I was watching a sports talk show on television the other day and the moderator asked a longtime sports reporter to recount his favorite memory of John Wooden, the legendary UCLA basketball coach who died last week at 99.
"I only regret that I never met him," the reporter said.
It reminded me that I once had an opportunity to meet the great man.
Wooden was a featured speaker at a coaches' clinic at a hotel in Rosemont and the sponsors mailed publicity releases to the media in the Chicago area, informing them that they would arrange for interviews with Wooden upon request.
I couldn't pass it up.
Upon arriving at the hotel at the specified time, the clinic's media relations director escorted me to a large banquet hall. It was the size of high school gymnasium. It was empty except for a large table and a few chairs off to one side. The media relations director said Wooden would be along directly. There was nobody else in the room.
I sat down and hastily examined my prepared list of questions and conversation topics for a few minutes.
All of a sudden, the door opened. It was John Wooden. All by himself, neatly dressed as if he was ready for the tipoff but with no rolled up game program in his hand. Just me and John Wooden. One-on-one. I kept waiting for the door to open with a hundred reporters and TV cameras rushing into the room. But it was just me and John Wooden. One-on-one. I wondered how many reporters ever found themselves in the same situation.
I was at once reminded of a few years earlier, when I was assigned to cover the Chicago Bulls/Los Angeles Lakers' NBA playoff series and found myself in the Lakers' post-game locker room with only a half-dozen reporters and interviewing Jerry West, Wilt Chamberlain, Elgin Baylor and Gail Goodrich.
It was before ESPN, the Internet and cable, before every 50-watt radio station and weekly newspaper was given access. Before the Magic Johnson/Larry Bird/Michael Jordan era. I don't think it ever mattered to Wooden. I doubt if his personality ever changed, from the time he was growing up in Martinsville, Indiana, to his glory days in Los Angeles.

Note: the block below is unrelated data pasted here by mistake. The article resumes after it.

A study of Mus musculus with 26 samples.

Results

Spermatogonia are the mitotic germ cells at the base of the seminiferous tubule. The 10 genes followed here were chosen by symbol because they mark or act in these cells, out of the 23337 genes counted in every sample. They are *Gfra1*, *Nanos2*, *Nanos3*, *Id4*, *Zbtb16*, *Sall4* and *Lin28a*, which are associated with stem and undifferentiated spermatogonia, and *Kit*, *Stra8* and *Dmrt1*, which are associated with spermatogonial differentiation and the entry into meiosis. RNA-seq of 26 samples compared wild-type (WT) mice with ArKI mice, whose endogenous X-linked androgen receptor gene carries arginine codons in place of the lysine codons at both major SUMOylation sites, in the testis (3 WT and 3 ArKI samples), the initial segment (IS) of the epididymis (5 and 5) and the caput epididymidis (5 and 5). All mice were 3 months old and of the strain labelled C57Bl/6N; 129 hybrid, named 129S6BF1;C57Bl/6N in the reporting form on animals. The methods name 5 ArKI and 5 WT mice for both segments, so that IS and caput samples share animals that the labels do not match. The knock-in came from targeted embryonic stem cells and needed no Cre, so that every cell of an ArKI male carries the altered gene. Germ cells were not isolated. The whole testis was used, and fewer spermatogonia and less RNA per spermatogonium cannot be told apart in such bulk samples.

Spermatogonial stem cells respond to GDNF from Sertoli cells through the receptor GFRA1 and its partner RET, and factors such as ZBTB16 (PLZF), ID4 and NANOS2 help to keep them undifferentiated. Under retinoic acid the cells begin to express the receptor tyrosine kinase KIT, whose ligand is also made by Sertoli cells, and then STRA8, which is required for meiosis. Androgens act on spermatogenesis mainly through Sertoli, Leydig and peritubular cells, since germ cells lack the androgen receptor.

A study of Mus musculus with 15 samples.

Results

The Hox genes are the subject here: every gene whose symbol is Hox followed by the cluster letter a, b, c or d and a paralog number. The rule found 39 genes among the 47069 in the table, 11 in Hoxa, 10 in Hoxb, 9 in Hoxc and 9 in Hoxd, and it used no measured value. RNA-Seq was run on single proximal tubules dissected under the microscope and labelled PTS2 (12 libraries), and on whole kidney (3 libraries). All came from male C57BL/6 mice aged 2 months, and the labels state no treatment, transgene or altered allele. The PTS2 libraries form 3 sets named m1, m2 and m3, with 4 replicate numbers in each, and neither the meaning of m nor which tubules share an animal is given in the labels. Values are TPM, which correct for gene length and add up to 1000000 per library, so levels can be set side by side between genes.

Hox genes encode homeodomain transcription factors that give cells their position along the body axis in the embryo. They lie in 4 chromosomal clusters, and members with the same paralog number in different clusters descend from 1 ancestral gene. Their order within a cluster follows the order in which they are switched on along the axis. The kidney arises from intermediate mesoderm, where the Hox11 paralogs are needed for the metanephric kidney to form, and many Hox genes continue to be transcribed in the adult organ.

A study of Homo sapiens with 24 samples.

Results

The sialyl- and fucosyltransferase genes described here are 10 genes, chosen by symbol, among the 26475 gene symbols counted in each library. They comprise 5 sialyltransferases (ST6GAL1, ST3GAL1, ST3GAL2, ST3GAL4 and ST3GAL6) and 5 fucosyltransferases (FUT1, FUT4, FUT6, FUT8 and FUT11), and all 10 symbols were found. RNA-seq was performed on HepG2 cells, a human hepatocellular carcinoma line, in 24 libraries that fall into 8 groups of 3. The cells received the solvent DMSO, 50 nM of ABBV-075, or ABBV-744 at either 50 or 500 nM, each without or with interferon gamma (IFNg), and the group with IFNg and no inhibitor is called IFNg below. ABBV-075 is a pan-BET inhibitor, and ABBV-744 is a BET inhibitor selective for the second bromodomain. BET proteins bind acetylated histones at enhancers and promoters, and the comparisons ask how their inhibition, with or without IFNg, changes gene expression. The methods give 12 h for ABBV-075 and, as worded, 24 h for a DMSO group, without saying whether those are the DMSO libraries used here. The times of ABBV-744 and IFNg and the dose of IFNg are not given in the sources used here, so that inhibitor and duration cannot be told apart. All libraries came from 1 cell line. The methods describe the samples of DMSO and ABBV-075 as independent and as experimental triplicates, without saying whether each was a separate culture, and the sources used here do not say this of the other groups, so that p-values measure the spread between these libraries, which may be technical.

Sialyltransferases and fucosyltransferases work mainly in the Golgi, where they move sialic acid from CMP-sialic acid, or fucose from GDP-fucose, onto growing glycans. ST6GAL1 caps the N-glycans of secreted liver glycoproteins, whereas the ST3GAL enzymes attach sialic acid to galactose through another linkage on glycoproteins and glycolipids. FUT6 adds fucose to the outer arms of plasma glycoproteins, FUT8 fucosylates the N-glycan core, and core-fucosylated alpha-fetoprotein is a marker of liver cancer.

Honestly, I don't recall as much about what we talked about or what he said during our hour-long conversation (he never set any limits) as I remember how he said it and how he handled himself. I thought he might be miffed that I was the only member of the media who had requested an interview but he treated me as if I was Jim Murray or Red Smith or Dave Anderson or John P. Carmichael.
One thing I'll always remember, however. I asked Wooden about a well known college basketball coach whom I was familiar with and whose teams had played against UCLA. I thought he was an honest man, someone who didn't cut corners in the recruiting process. What did Wooden think? He smiled a shook his head in a negative manner. End of subject. A few years later, I learned that Wooden was correct in his assessment.
He was as gracious and unassuming and accommodating as he always appeared on television. He loved to talk about his players and the success most of them enjoyed after playing at UCLA. Discipline was a favorite subject. "The cornerstone of coaching," he said.
He never compromised his principles. He always mentioned Bill Walton, recalling how he brought the young renegade into line. "I'm sure you'll be able to wear your hair as long as you like in somebody else's program," he told Walton. Today, Walton fondly remembers those days, admitting that Wooden helped to turn his life around.
I have one regret of that unique experience. I never kept a copy of my notes. But the memory of our one-on-one conversation will never be forgotten.